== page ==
Gina Chávez: Proud Philanthropist, Latinx, and Queer

Gina Chávez was the only woman nominated in the Best Pop/Rock Album category for the recent Latin Grammy Awards.
Courtesy of The Music Joint

The Latin Grammy might have, momentarily, slipped out of the hands of multi-award-winning singer Gina Chávez, but her desire to make a positive difference in the lives of Latinx women, especially Latinx queers, continues to gain ground.

The bilingual artist from Texas, as she defines herself, received a Latin Grammy Award nomination for her 2020 release of her first album in Spanish, “La Que Manda,” in the Best Pop/ Rock Album category. This was the first Latin Grammy nomination for the Latin American singer — and she was the only woman nominated in this category and one of the few this year overall at the Latin Grammy Awards.

Bilingual Texan broke glass ceiling as a female Latin Grammy Best Album nominee

If you haven’t listened to her songs, Chávez’s music is deeply personal, and she wins praise for her unique sound — a multi-ethnic richness of folk-pop — and most of all, for her courageous high profile as a married lesbian Catholic in Texas.

Chávez currently lives in Austin with her wife, Jodi Granado. Together, they co-founded Chicas Arriba, a college fund that offers full scholarships to a private Catholic college for girls in Soyapango, El Salvador.

Chávez’s sound has sparked interest from national television and radio shows in the US such as “NPR: First Listen,” “All Things Considered,” and “Tiny Desk Concerts.”

“La Que Manda” is Gina Chávez’s first Spanish-language album.Courtesy of The Music Joint

Just in time for the International Day for the Elimination of Violence against Women on November 25, Chávez released the music video for her first single “Ella,” honoring survivors of domestic abuse. The video, featuring an international assortment of dancers, was made in partnership with the Austin organization Survive2Thrive, which provides resources and support to victims of domestic violence and abuse.

In addition to “La Que Manda,” the artist has released two other albums that show her versatility as a songwriter and performer: “Up.Rooted” (2014), and her soul/ R&B EP “LIGHTBEAM” (2018).

I recently spoke to Chávez, in Spanish, with the English translation that follows.

KARMINA L. FONSECA: They say that a nomination is an achievement in itself. What was it like to participate in the Latin Grammys?
GINA CHÁVEZ: I’ve been on the music scene for many years, and for me it was like an arrival, an arrival of who I am as a whole. Receiving this kind of international recognition is an achievement and a dream come true, especially since I am an independent artist.

FONSECA: Besides being your first album in Spanish, what characterizes “La Que Manda?”
CHÁVEZ: It is a feminist album, of my way of being as a woman. Not just as a singer, also as an activist, as a queer and gay, as a Catholic… it feels like a culmination of all that I am.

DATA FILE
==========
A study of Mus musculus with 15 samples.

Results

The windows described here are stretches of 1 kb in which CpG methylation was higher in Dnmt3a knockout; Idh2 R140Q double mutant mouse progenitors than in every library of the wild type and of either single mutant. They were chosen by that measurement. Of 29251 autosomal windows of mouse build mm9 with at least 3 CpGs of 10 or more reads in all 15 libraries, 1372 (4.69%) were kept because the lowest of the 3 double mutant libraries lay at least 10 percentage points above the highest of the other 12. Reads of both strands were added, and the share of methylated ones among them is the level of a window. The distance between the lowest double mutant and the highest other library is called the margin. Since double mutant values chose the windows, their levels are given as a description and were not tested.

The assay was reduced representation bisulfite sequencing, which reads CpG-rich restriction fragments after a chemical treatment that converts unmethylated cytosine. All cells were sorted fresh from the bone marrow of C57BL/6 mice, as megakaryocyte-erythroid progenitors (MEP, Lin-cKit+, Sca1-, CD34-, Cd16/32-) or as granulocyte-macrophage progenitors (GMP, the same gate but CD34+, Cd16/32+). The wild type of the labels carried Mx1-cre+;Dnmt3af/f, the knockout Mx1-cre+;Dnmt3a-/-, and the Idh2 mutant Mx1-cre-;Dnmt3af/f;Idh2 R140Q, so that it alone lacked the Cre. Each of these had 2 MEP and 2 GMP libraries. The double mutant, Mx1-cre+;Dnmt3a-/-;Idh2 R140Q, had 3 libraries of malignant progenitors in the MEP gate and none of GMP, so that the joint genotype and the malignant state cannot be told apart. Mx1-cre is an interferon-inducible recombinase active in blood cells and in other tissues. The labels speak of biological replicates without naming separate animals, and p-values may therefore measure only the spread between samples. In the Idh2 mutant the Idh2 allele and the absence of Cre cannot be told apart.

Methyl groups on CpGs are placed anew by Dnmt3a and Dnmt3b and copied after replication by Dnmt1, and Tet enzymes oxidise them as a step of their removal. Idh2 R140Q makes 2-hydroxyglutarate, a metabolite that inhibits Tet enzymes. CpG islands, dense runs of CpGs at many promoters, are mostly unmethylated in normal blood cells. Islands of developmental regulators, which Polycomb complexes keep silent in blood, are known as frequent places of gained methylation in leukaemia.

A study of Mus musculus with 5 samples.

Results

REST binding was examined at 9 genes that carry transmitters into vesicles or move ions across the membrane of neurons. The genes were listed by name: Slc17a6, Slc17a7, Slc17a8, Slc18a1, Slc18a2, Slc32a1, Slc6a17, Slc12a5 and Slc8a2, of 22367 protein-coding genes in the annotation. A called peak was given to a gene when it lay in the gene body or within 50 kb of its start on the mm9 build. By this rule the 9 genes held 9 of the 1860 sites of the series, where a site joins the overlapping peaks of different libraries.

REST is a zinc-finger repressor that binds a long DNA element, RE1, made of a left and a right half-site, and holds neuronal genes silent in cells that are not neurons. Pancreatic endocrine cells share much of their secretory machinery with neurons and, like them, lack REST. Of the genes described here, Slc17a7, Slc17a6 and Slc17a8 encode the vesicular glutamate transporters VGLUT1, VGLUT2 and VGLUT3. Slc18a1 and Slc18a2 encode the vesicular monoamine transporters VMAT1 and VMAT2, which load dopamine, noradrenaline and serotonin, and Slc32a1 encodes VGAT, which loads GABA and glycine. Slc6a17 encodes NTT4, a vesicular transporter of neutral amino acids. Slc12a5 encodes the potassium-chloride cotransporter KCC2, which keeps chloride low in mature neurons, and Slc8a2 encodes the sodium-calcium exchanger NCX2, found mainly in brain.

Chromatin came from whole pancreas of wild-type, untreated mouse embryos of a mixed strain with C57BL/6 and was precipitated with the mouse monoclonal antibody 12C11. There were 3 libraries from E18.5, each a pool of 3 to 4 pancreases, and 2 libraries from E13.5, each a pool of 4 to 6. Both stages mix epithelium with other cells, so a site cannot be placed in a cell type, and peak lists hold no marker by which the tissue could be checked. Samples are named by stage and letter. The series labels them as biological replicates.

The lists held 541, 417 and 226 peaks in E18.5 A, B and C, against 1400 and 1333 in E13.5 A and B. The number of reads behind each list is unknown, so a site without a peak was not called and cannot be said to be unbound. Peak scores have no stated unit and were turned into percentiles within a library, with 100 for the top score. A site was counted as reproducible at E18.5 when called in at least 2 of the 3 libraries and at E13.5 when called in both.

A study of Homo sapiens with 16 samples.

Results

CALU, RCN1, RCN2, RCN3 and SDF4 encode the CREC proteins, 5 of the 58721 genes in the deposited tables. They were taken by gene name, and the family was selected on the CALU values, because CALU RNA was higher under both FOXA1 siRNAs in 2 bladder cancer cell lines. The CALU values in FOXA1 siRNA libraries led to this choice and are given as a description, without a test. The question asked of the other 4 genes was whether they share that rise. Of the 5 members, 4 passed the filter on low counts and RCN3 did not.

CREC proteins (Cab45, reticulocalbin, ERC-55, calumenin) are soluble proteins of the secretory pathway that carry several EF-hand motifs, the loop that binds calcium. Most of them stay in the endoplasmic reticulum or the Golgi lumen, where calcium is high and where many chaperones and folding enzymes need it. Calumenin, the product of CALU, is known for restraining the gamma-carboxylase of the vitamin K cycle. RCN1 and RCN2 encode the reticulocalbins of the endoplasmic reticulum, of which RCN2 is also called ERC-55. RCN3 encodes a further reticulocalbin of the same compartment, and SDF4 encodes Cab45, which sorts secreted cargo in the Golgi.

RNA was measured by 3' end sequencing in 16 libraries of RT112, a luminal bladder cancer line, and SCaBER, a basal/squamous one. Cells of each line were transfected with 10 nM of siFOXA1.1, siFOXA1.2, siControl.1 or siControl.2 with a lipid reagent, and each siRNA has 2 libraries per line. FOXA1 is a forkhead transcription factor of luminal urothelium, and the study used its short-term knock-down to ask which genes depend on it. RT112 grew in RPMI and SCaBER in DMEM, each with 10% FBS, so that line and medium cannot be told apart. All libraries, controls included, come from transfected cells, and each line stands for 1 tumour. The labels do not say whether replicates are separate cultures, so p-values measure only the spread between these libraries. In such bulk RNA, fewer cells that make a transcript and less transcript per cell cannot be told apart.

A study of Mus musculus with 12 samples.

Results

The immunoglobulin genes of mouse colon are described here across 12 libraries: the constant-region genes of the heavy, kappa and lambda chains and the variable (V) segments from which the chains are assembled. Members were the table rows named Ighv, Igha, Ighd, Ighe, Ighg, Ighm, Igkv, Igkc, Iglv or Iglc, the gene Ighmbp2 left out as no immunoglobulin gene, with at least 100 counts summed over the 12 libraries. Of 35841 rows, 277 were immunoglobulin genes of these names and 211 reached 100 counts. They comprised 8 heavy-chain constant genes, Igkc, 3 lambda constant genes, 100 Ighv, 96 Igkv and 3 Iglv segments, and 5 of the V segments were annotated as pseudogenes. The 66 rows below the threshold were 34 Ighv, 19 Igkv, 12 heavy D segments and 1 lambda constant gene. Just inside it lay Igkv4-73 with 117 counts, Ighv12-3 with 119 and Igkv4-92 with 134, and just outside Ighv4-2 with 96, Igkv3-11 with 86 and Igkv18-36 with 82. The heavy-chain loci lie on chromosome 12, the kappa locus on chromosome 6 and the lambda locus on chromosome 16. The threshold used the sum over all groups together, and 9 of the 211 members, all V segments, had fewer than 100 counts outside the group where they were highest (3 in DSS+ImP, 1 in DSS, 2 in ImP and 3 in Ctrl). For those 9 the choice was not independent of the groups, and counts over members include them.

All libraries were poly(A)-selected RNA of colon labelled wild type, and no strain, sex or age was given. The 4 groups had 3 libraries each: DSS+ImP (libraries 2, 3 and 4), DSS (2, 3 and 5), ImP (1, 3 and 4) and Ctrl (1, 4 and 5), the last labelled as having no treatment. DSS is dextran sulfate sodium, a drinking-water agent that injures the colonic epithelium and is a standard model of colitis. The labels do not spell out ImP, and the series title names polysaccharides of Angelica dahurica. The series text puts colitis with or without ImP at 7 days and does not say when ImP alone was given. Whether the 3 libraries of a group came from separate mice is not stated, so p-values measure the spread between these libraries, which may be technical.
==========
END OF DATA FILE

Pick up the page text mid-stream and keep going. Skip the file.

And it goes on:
FONSECA: In general, how do you define your new album?
CHÁVEZ: My music has many sounds and various genres. In “La Que Manda,” there is a lot of Afro-Cuban inspiration and it’s like an exclamation of being me, like a promise. The other songs talk about love and the album talks about themes like freedom and living with all your soul.

FONSECA: What challenges did you face in making this album?
CHÁVEZ: I’ve been working on some of the songs on this album for years, and it’s a struggle to get the message out of my chest and out of the recording studio in the best way possible. The album has been a struggle to finish in the middle of a pandemic.

FONSECA: Does the video for “Ella” have a special meaning for you?
CHÁVEZ: It is an artistic representation of the struggle that women face every day against domestic violence. This year we have lived together but apart. We are living in an historic moment and we are fighting, but I also think the Me To movement is to listen to the female voices that have been silenced for many years. For me, this is the meaning of the album.

Gina Chávez is grateful for living at at time when she can live “with all her soul.”Courtesy of The Music Joint

FONSECA: What are you grateful for?
CHÁVEZ: Being who I am at this moment in history feels like a blessing. I would not want to live in any other era because I am gay.

FONSECA: Has being Catholic and gay caused you conflict? What do you think of Pope Francis’ statement on same-sex unions?
CHÁVEZ: I am very happy and also in a bit of a shock. For me, this is the reason that I can continue to be Catholic, and continue going to my parish with my wife next to my parents. Because the call of Christ is not to judge, it is to love, and that is the message of the pope.

GINA CHÁVEZ | “La Que Manda” | ginachavez.com

This interview first ran in Spanish in Gay City News’ sister publication noticiali.com. To sign up for the Gay City News email newsletter, visit gaycitynews.com/newsletter.